Mom’s Question: How Often Should I Sterilize My Baby’s Bottles?

Let’s talk about washing bottles. OK, this is not as glamorous as say, shopping for strollers or cute baby dresses. In fact, washing my baby’s bottles is my least favorite chore! But it has to be done, isn’t it? You don’t want your little one to get a bad case of stomach flu, that’s why. But perhaps, are you overdoing it?


breast pump equipment

Bacteria love milk; it’s nutritious and delicious. Your pumped breast milk is like a germ spa. Given the right circumstances and time, they’ll multiple by hundreds and thousands. Nasty, isn’t it? So you’ve got to wash each and every time, no questions asked. How about sterilization?

1. Sterilize if the bottle is new

Your new feeding bottle might look all sparkling-clean straight from the store. It might look and smell nice, but it isn’t any pristine. It has been bathed in a cocktail of chemicals before packaging. Bacteria and insect eggs might also lurk in between the minute crevices, so boil them down!

Sterilize your feeding bottle by immersing it in boiling water, zapping it in the microwave or running it on a bottle sterilizer for at least five minutes.

2. Disinfect if the bottle has been dropped on the floor

Your aspiring little baseball pitcher might practice his throw with his feeding bottle. You can just wash and dry your baby’s feeding bottle but if it has gathered lots of dirt from the floor, better sterilize.

This is especially true if you have a pet dog or cat roaming indoors. The nipple is a particular germ magnet so there will be not much harm if you get OC and wash it daily.

3. Sterilize every other day during baby’s first four months

Your child is still in the process of strengthening his/her immune system during his/her first four months of life. It’s alright to sterilize your baby’s bottles every other day especially is your child is born as a preemie. If your little one is breastfed most of the time, you may just wash his/her feeding bottles every two days.

4. Sterilize every three or four days

Your little kid is already growing now. Perhaps he has learned how to turn and crawl and likes to put toys in his mouth. By this time your child has already strengthened his immunity, so he’ll be less likely to get the stomach flu. Per my personal experience and taken from my doctor’s advice, it’s alright to sterilize bottles every three days.

5. Wash every single time, wash before you sterilize

You can destroy the feeding bottle’s structure by boiling it daily. You don’t want the chemicals in the plastic bottle to leach out. You must not fail to wash your feeding bottles to be safe, but sterilize sparingly.

Clean your bottles in warm soapy water and remove traces of milk residue at every nook and cranny before you sterilize. I find it easier to wash feeding bottles as soon as it is emptied. I don’t want to wait for another two or three hours, I wash it right there and then if I can manage.

Excess milk tends to solidify and cling to the walls of feeding bottles if you let them stay a bit longer. Bacteria can also accumulate and multiply every second that they remain inside the bottle. It will take less effort, and you’ll use less soap if you wash the bottles as soon as the baby is done with it.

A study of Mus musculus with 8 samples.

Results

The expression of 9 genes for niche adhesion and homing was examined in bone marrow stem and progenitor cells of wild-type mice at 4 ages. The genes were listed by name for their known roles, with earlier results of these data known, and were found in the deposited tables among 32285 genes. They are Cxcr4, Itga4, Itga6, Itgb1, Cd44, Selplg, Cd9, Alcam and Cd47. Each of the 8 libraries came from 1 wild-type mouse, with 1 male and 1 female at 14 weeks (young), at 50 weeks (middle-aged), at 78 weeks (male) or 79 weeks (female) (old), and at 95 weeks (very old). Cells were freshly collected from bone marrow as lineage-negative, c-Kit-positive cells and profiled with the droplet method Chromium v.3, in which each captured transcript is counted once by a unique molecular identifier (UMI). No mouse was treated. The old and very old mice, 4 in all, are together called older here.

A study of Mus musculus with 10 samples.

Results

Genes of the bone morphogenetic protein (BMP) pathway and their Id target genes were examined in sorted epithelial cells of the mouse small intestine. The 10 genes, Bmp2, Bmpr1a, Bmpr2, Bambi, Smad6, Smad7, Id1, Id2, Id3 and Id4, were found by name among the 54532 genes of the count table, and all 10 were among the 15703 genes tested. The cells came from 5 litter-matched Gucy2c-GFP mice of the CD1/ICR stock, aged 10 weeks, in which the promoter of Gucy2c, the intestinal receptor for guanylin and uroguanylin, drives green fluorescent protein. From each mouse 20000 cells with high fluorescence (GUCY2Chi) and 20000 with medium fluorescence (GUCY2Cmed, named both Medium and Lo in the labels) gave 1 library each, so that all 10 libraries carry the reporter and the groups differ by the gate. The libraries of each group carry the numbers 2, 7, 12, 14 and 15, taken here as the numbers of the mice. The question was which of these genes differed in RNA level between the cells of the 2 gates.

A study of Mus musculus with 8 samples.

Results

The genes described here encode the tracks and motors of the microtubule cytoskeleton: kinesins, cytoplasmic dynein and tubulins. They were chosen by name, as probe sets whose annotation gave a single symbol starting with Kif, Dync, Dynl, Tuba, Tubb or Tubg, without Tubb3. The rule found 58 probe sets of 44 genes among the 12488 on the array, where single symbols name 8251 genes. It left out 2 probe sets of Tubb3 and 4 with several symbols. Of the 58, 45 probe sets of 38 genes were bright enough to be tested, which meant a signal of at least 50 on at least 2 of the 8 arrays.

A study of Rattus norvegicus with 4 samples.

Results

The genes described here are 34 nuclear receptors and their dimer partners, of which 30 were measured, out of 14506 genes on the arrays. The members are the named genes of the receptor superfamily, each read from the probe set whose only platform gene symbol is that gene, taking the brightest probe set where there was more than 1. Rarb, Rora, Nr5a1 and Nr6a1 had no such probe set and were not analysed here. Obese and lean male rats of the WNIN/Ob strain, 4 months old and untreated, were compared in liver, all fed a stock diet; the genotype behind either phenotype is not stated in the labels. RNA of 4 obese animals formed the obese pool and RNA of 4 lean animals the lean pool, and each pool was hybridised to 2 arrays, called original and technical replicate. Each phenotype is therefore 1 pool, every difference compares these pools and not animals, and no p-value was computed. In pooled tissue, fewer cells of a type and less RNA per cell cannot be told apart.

Various Ways To Sterilize Your Baby’s Bottles

1. Sterilize using a bottle sterilizer

This is the easiest way to sterilize your feeding bottles. There’s no need to boil and dip bottles, just place them in a bottle sterilizer after washing, and you are ready to go. Just take note to read the instructions on your first try.

2. Sterilize by zapping the bottles in a microwave

If you got a microwave at home, you could put it to good use. Remove each bottle parts and immerse them in a bowl of water. Run this for at least 90 seconds. Do not place any metallic object inside the microwave. Be careful also when removing the heated pan as it can scald.

3. Sterilize by using a steamer

Your electric steamer can also serve as a make-shift bottle sterilizer. Wash the bottle container components separately. Put the bottles, nipples and bottle lid upright with the opening upside down on the steamer. Use steam for at least 5-10 minutes to kill off all those pesky germs.

4. Use the old-school way of dipping bottles in boiling water

You may also boil a casserole of water and dip your baby’s bottles there. Leave the water and bottles boiling for at least 5 minutes. Shut off the fire and remove your baby’s bottle parts by using a tong.

You must also sterilize your baby’s milk scoop, teethers, and favorite toys. Another wise word of advice: don’t let your little one handle your mobile phone as it is super dirty, unless you boil it too (which is not advisable obviously!).

5. Dry and store bottles properly

Air-dry your feeding bottles before using them for your next feeding. Wash your hands before handling. Store them in a Ziploc if you are not yet using them. You may also store the bottles in the refrigerator, in a plastic bag.

Conclusion


I would recommend that you buy only feeding bottles that are from trusted brands. Even the best sterilization process can’t guarantee that your child won’t get sick. It’s alright also if your child likes to get dirty. All that germs and dirt can boost his immune system and make him sturdy.

 

Chief editor of WellBeingKid.com and striving mom-extraordinaire.Let me share and inspire you with my daily struggles to live a healthier and more fulfilling life.